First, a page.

Rape: The Silent Epidemic

Rape is an unfortunate and ever-present threat to many women across the world, and is frequent in college communities. The University of Wisconsin-Stevens Point is no exception. Wisconsin Statistics, a data gathering organization, UWSP had 10 reported sexual assault cases in the year 2005, but an approximate 60 percent of sexual assault cases are not reported to the police.

Dana Smith, the executive coordinator of the Women’s Resource Center, said the problem is that “rape is something that is perpetrated and sometimes even encouraged in American media and culture, the two are confounded.”

Alcohol is often a component in rape cases, where freshman girls are a specific target. These “guys are not your average Joes, they’re predators,” said Dr. Patricia Dyjak, a member of the Women’s Studies advisory committee. “It’s very targeted. It isn’t a misunderstanding.”

Identifying the problem is one thing, but a clearly effective plan to eradicate this epidemic is unclear. The only thing that can change is for men and women to learn how to protect themselves, and to raise awareness. Anne Hoffmann, Assistant Director for the Allen center said, “To address sexual violence at UWSP, we need to do two things simultaneously: increase the reporting and hold perpetrators responsible.”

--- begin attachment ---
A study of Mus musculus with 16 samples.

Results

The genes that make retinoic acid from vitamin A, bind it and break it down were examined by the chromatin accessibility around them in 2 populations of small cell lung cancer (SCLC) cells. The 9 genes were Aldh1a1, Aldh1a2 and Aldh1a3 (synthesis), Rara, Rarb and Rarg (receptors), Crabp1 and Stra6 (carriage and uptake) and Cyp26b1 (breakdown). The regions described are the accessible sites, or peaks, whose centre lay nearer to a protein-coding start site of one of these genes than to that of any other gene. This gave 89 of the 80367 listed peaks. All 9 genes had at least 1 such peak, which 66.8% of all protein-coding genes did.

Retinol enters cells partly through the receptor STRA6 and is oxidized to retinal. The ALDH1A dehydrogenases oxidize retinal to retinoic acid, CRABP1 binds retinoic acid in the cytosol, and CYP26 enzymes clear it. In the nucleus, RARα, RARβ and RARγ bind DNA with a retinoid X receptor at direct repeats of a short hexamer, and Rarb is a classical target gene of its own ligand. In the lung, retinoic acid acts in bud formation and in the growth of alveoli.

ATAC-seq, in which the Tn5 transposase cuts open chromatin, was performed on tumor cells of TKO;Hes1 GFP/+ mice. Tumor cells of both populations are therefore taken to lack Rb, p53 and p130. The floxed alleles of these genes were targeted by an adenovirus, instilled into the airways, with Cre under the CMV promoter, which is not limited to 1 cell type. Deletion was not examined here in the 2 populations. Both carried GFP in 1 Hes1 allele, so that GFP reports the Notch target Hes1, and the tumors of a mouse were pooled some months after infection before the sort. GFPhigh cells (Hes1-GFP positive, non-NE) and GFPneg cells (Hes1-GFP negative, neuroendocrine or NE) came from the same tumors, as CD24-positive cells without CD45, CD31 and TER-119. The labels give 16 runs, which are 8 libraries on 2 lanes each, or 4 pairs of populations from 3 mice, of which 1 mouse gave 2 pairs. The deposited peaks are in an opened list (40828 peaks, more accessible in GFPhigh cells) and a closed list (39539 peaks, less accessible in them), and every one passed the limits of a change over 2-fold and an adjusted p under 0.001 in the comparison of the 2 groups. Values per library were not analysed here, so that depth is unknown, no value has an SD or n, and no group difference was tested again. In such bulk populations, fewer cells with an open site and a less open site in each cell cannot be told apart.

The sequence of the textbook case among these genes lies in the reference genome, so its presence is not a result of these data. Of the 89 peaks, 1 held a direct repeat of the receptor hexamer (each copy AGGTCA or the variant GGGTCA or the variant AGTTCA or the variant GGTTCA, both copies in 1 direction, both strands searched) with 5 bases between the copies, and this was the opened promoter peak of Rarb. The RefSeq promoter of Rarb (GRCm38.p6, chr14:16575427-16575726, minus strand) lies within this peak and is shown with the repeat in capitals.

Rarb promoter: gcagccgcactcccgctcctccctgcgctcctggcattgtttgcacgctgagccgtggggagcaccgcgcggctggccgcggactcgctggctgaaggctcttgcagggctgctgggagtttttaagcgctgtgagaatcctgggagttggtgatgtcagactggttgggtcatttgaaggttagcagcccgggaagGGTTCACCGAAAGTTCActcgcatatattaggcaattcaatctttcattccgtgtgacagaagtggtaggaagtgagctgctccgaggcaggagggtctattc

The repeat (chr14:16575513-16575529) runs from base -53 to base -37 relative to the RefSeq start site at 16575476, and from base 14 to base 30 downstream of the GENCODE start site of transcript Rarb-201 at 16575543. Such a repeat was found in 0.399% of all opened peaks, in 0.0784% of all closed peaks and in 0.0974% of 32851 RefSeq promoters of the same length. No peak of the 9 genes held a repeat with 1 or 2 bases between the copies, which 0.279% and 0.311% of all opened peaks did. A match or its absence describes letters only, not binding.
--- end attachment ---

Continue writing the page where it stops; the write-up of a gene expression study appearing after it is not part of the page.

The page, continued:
The event of sexual assault doesn’t always fit the cliché. “Rapists aren’t waiting in every alley to jump on an unsuspecting person. Most assailants personally know the person they are assaulting,” said Smith.

It’s always important to move with a group of people, and never to find yourself alone at a party. Even the way you hold yourself in a public setting can help protect you. Predators “see politeness as a sign of submission,” said Dyjak. Predators infer that due to politeness their victims would be afraid to raise their voices.

Also, because of this, many rapes go unreported. A reason for such a low percentage of victims reporting sexual crimes lies within our culture. “We have a largely victim-blame mentality, not because we are unintelligent, we just don’t know how to deal with the fact that ‘good boys’ rape,” said Hoffmann.

Many agree that changes need to be made on campus and in our culture to alter the way sexual assault is viewed, and ultimately to give more of a way for women to protect themselves and to report victimization.

“Other institutions are light-years ahead of UWSP, I wonder what the objection is for why we have not adopted best practices for reporting and perpetrator accountability?” asked Hoffmann.

The Women’s Resource Center on campus can be found in Room 65 in the Dreyfus University Center. It is a student-run center that focuses on raising awareness of women’s issues through programs and activities. They provide resources on sexual assault, domestic violence, and eating disorders. Their door is always open.

If you or someone you know has been a victim of rape, call the police, a friend or family member, or contact the Sexual Assault Victim Services at (715)-343-7125.